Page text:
Winter wheat should be planted with a grain drill to a depth of 1 to 1-1/2 inches during the couple of weeks after the Hessian fly-free date. The optimal planting is thus from mid-September until early October in most regions of winter wheat production. Depending upon the fall or winter conditions, wheat can be successfully planted until early November but at a lower yield potential. Soft white winter wheat has a broad optimum seeding rate range and rates of about 120 pounds or 2 bushels per acre usually result in the highest grain and straw yields. If planting is delayed beyond early October, the optimal rate is 150 pounds or 2-1/2 bushels per acre. Soft red winter wheat also has a broad optimum seeding rate range and rates between 1,000,000 and 1,500,000 seeds per acre result in highest grain and straw yields.
Barley is less hardy than wheat and is not susceptible to Hessian fly. Winter barley can thus be planted a few days earlier than wheat, that is, from September 10 to September 20. Because barley is very susceptible to barley yellow dwarf virus, planting before this time is strongly discouraged. It is best to sow the seed with a grain drill at a depth of 1 to 1-1/2 inches. Seeding rates should be in the 96 to 120 pounds per acre or 2- to 2-1/2-bushel range.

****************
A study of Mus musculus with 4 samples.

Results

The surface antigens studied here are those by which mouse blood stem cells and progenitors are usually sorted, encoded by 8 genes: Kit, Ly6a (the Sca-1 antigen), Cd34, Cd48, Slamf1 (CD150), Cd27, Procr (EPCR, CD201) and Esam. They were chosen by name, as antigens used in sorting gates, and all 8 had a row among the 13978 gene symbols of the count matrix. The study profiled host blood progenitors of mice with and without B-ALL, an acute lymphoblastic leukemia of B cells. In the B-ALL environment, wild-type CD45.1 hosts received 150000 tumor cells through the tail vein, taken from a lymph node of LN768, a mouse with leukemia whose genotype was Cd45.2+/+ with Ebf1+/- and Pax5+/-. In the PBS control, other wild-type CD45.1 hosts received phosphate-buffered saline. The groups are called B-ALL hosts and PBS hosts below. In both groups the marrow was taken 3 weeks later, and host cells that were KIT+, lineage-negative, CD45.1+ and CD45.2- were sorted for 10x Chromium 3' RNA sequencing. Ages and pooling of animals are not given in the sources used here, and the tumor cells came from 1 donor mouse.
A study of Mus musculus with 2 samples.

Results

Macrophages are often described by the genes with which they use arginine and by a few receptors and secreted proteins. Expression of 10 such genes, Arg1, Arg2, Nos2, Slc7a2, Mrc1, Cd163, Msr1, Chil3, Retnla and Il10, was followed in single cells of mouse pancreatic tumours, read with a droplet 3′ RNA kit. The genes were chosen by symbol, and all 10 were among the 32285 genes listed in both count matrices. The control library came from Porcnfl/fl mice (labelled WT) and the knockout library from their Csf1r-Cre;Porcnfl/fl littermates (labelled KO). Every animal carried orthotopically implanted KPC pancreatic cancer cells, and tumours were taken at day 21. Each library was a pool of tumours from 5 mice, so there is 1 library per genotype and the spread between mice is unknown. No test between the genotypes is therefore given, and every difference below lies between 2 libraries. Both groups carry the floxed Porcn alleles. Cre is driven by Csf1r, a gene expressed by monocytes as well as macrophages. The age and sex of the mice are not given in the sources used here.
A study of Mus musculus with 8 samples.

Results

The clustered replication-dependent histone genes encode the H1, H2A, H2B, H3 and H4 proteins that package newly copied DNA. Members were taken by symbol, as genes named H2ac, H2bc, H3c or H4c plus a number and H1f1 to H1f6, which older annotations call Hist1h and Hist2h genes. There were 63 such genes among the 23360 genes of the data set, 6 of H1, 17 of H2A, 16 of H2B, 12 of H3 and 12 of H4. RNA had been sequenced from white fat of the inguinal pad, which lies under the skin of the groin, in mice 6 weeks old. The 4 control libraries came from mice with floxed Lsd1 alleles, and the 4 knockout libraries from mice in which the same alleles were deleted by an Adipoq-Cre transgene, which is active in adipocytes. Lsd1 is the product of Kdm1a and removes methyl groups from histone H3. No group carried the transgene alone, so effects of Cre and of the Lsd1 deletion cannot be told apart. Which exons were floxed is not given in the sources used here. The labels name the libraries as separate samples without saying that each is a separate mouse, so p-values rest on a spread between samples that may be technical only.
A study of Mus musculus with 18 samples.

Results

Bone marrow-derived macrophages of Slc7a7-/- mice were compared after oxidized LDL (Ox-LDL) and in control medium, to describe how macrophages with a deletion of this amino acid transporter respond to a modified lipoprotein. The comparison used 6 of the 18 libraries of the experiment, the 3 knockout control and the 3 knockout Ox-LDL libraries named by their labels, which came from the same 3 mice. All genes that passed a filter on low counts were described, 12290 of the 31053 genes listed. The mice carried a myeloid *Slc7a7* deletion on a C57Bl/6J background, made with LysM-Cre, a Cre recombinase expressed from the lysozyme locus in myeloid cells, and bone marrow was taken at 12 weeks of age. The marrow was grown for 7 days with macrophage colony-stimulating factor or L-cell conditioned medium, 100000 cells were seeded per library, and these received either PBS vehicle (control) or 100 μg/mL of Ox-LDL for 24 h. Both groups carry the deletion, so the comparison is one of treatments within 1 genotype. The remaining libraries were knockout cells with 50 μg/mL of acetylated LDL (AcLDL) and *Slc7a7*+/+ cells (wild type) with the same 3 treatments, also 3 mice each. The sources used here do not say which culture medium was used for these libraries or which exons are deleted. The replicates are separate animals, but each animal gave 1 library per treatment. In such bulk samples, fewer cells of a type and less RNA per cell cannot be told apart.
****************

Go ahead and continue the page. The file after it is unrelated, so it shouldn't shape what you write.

Rye is the hardiest of all winter grains and thus can be successfully established with an early to mid-October planting date. For seed production, rye should be sown with a grain drill at a depth of 1 to 1-1/2 inches. The seeding rate should be in the 110 pounds or 2-bushel range.
Spring grains should be sown as early in the spring as possible. In central New York, a yield decrease of about 1 bushel per acre per day can be expected in oats and barley for each day the crop is planted after April 15. With spring wheat, a yield loss of about 1/2 bushel per acre per day can be expected if planting occurs after April 15. All spring grains should be sown with a grain drill to a depth of 1 to 1-1/2 inches. The optimal seeding rate for oats is 96 pounds or 3 bushels per acre, whereas spring barley and spring wheat do best at 2 bushels per acre. If oats or barley is to be used in forage seeding, seeding rates should be reduced by 50 percent.